Edward Daly became one of the most famous images from Troubles as the priest who waved a blood-stained hanky amid slaughter in Derry

By Donna Deeney and Sarah MacDonald

Published 09/08/2016

Dr Edward Daly
Dr Edward Daly
The remains of the late Bishop Edward Daly which were brought to St. Eugene's Cathedral in Derry on Monday evening
One of the images of Bishop Daly during Bloody Sunday
Deputy First Minister Martin McGuinness signing the book of condolence
First Minister Arlene Foster
Dr Daly’s family arriving for the removal

Retired Bishop of Derry Dr Edward Daly - thrust into the spotlight as the priest waving a blood-stained white handkerchief on Bloody Sunday - will be remembered as a "fearless peacebuilder", the leader of Ireland's Catholics has said.

Dr Daly was surrounded by family when he passed away yesterday at the age of 82 after losing his battle with cancer.

Hundreds attended the removal of his remains from Altnagelvin Hospital to St Eugene's Cathedral in Derry last night.

The coffin was escorted from a local funeral director's premises in William Street to the cathedral by his family and local priests.

With the papal flag and Bishop Daly's coat-of-arms flying at half-mast outside the parochial house at St Eugene's - where he served as bishop from 1974 until his retirement in 1993 - the coffin was met at the entrance by the current Bishop of Derry, Dr Donal McKeown.

Many of Bishop Daly's clerical and lay contemporaries were present, and attended a prayer service.

Also there were his sisters Marion and Anne, as well as his devoted housekeeper Betty.

A host of religious leaders, politicians and members of the public paid tribute to the deceased cleric yesterday.

Among them was Gerald Duddy, who was just 14 when he watched the then Fr Daly comfort a young man shot by the Army on Bloody Sunday in January 1972 unaware that it was his own brother Jackie (17).

Mr Duddy told the Belfast Telegraph Dr Daly would never be forgotten by the people of the city.

"He was my hero and he has been my hero since the day I watched him give comfort to someone who had been shot on Bloody Sunday.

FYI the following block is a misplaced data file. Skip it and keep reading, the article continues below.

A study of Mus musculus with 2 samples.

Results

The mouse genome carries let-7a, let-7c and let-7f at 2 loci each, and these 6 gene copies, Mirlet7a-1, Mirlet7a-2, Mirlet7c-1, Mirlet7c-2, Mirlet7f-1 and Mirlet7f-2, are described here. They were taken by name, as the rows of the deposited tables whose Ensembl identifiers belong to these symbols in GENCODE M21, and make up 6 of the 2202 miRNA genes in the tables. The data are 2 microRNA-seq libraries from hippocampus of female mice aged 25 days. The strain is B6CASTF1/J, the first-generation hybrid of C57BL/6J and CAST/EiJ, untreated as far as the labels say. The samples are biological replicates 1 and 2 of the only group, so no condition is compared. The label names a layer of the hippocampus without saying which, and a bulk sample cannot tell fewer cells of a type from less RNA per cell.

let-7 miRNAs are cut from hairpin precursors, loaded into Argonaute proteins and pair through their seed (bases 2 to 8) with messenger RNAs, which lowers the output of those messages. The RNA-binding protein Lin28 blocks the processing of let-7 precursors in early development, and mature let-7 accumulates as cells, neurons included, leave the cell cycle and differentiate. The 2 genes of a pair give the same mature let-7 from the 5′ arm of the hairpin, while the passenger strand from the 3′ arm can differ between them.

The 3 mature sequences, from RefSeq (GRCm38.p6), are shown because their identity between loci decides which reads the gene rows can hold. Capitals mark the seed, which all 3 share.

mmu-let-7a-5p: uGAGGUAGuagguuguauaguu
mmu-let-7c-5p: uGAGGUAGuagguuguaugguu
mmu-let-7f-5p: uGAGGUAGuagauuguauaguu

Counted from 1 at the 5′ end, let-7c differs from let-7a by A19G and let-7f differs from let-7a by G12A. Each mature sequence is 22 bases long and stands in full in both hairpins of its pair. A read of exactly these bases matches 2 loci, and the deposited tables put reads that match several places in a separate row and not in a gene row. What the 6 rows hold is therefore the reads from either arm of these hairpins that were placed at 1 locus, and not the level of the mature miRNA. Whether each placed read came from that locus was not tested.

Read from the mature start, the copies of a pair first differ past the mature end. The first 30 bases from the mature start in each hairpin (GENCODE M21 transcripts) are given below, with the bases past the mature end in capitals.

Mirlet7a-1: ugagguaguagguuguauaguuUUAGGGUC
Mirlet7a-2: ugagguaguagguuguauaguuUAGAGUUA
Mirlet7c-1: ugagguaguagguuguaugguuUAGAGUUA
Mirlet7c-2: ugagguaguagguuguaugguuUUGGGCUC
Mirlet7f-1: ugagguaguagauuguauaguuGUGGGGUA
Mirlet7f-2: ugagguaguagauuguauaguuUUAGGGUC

"I didn't know at that time that it was our Jackie - but to know that our Jackie didn't die alone on the street because of him is something that will never leave me. He risked his own life to help the dead and dying on that day while the bullets were still flying - he was a man of the people and just wanted to be treated as an ordinary man, which was the making of him.

"Everyone knows that picture of him waving his white handkerchief in front of men carrying our Jackie, and that handkerchief was the most treasured possession in our family."

Catholic Primate of All Ireland Archbishop Eamon Martin, who was ordained as a priest by Dr Daly in 1987, said: "(He was) a fearless peacebuilder - as exemplified by his courage on Bloody Sunday in Derry - and a holy and humble faith leader."

First and Deputy First Ministers Arlene Foster and Martin McGuinness also paid their respects. Mrs Foster stated: "Bishop Daly devoted his life to serving and helping others, quietly undertaking a wide range of charitable works in the local community. During the darker moments of our recent past Dr Daly made a significant contribution by arguing that violence should be rejected and by articulating a vision based on respect and tolerance."

Mr McGuinness added: "He was a man of authentic faith and compassion, and a tremendous force for good who dedicated his life to the service of others."

Retired Church of Ireland Bishop James Mehaffey described Bishop Daly as his "very great friend".

He added: "He was a man of God and a man of the people - a great church leader and a remarkable friend."

Church of Ireland Bishop of Derry and Raphoe Dr Ken Good said Bishop Daly's death was a loss to the whole community.

Dr David Latimer of First Derry Presbyterian Church added: "In the 28 years since I came to Derry, I got to know Bishop Daly best through his work in the Foyle Hospice, where he provided great spiritual comfort to the patients and families, regardless of their Christian affiliation or if they had no faith at all."

SDLP leader Colum Eastwood said: "It is difficult to fully express the huge sense of loss which the city of Derry is currently feeling. He was greatly loved and will be hugely missed."